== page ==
May 5, 2013 -- Updated 2126 GMT (0526 HKT)
Phil Mickelson reacts to missing a birdie putt on the 18th hole at Quail Hollow, which meant he missed a playoff .
Phil Mickelson reacts to missing a birdie putt on the 18th hole at Quail Hollow, which meant he missed a playoff .
STORY HIGHLIGHTS
  • Derek Ernst wins Wells Fargo Championship in playoff against David Lynn
  • Veteran Phil Mickelson misses out on playoff after dropping late shots
  • World No. 2 Rory McIlroy finishes tied for 10th after second successive 73
  • Brett Rumford wins second successive European Tour event at China Open

(CNN) -- Phil Mickelson's hopes of a first victory since January were derailed by his struggles at "the Green Mile" on Sunday, as rookie Derek Ernst earned his maiden PGA Tour title in a playoff at the Wells Fargo Championship.

While four-time major winner Mickelson dropped shots at two of his final three holes, Ernst birdied his last to force a playoff with Englishman David Lynn -- which he won at the first hole.

It earned him the $1.17 million first prize and an invite to next week's $9.5 million Players Championship -- the golf season's unofficial "fifth major."

Ernst, who turns 23 on May 16, had made the cut in just two of his previous seven tournaments of his first season on the circuit, with a best finish of 47th in New Orleans last weekend.

The California native graduated from University of Nevada-Las Vegas last year with a degree in hotel management before turning pro.


Mickelson has won 41 times on the tour, and seemed set for his second victory this season despite dropping three shots at 15 and 16 in Saturday's third round.

The 42-year-old birdied 14 to be in contention but then again lost a shot at 16 to be in a three-way tie for the lead as the crowd sheltered under umbrellas in the wet conditions in South Carolina.

He then bogeyed 17 -- where he is now 14 over par in the 40 times he has played that hole -- and missed his birdie putt at 18 to card a one-over-par 73.

The last three holes at the Quail Hollow club are known as "the Green Mile" -- a stretch which is rated as one of the top-five hardest finishing runs on the PGA Tour in the past decade.

Mickelson racked up his seventh top-10 finish in 10 appearances at Wells Fargo, ending up one shot ahead of England's former world No. 1 Lee Westwood and Sweden's Robert Karlsson, who tied for fourth.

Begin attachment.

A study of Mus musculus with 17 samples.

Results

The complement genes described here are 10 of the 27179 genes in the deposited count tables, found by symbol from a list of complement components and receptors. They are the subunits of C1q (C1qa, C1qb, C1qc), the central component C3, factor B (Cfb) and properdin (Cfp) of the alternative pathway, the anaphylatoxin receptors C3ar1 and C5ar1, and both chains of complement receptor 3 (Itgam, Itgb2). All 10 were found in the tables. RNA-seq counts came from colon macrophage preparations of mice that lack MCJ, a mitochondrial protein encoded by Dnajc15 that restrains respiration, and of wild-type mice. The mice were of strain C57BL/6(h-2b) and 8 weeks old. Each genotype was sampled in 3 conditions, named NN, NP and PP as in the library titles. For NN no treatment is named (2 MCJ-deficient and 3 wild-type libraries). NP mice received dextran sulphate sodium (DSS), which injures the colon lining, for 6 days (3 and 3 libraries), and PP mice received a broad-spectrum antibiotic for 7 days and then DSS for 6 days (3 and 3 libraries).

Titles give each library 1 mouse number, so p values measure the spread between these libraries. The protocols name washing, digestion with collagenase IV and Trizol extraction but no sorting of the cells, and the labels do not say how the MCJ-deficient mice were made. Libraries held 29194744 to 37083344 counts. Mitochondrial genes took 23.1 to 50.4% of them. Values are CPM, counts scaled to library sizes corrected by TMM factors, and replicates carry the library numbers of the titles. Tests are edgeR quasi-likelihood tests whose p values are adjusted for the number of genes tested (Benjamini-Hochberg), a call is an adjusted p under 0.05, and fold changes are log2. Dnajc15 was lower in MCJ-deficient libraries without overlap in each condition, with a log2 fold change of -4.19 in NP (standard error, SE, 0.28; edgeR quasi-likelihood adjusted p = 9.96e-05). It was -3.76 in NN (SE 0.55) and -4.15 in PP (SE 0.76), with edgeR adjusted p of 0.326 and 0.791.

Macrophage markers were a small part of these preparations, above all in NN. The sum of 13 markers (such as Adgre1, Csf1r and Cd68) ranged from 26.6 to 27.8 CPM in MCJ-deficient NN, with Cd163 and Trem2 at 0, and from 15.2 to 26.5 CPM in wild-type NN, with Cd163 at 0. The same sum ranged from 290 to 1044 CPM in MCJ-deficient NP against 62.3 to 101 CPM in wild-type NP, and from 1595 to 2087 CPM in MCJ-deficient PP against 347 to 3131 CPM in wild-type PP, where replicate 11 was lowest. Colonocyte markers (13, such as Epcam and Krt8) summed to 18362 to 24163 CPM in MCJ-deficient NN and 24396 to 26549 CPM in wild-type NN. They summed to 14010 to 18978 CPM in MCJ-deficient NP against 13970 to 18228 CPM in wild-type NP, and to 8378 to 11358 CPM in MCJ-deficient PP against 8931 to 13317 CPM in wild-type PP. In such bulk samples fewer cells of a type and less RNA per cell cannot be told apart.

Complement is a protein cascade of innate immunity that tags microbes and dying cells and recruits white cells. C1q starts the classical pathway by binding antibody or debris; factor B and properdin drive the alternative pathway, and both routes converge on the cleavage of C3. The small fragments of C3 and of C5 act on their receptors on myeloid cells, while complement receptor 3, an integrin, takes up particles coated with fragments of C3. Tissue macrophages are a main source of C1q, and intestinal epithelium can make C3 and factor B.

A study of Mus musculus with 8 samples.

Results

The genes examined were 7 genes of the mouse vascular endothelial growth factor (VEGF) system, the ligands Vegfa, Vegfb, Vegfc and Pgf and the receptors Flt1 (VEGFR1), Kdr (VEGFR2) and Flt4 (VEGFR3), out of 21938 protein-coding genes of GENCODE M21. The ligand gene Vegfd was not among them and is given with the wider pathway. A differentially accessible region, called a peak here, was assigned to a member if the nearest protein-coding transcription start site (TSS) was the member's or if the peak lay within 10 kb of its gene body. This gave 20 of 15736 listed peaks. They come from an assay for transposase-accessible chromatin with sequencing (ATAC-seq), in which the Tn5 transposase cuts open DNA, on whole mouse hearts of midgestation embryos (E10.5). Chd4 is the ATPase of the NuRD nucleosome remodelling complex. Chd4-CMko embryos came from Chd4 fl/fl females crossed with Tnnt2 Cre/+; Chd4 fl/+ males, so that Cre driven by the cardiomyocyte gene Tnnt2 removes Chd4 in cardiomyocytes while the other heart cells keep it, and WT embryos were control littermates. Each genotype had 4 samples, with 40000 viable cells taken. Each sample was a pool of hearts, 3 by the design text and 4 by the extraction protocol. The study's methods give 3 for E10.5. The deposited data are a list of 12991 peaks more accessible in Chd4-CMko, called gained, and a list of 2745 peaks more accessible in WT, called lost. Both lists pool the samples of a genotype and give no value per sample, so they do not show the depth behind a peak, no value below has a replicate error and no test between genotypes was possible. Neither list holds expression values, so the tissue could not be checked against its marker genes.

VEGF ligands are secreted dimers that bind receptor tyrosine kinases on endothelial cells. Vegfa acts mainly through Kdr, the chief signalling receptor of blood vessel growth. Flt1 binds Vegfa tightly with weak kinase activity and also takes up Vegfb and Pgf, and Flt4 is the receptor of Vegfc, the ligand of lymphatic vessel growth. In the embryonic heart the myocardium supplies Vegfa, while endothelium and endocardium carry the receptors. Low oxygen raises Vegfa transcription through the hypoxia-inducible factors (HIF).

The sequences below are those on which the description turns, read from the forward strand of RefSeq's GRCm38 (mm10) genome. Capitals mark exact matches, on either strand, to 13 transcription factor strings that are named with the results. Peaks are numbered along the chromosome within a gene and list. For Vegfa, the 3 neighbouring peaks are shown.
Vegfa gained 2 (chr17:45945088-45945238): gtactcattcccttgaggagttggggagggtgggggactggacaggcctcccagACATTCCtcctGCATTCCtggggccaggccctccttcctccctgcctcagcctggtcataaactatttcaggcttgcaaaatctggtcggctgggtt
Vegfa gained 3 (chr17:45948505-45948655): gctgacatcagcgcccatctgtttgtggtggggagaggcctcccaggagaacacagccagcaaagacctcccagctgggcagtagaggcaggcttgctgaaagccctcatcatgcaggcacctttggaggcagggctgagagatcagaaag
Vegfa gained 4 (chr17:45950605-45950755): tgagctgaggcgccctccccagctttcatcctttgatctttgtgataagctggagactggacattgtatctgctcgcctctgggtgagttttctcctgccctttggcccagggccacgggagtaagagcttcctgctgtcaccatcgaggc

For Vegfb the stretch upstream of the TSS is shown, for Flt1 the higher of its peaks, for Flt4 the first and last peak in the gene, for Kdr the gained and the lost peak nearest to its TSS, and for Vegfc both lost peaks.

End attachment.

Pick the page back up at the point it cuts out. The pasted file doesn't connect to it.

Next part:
Lynn, 39, had also been seeking his first PGA Tour win, having finished in a tie for fourth at the Honda Classic in March -- and runner-up at last season's closing major, the PGA Championship.

He and Ernst had been three shots behind Mickelson going into the fourth round.

World No. 2 Rory McIlroy, who won his first PGA Tour title at Quail Hollow in 2010, finished tied for 10th after carding a second successive 73.

The Northern Irishman bogeyed his first and last holes, and also picked up a double at the par-four 12th.

Meanwhile, Brett Rumford completed his second successive victory on the European Tour's Asian swing with a four-shot victory at the China Open on Sunday.

The 35-year-old Australian followed up his playoff win from last weekend's Ballantine's Championship in South Korea as he carded five birdies in the first 10 holes of his final round.

It put him top of the Race to Dubai standings, having been 138th two weeks ago.

"It's quite surreal -- it's the first time I've actually played the week after a win so I'm more than pleased. It's hard to get my head around it at the moment," Rumford said.

Finland's Mikko Ilonen was second, having started the fourth round one shot behind Rumford.

Defending champion Branden Grace of South Africa tied for 33rd in a group including 16-year-old Dou Zecheng -- who was the best finisher of the group of young Chinese talent in the field.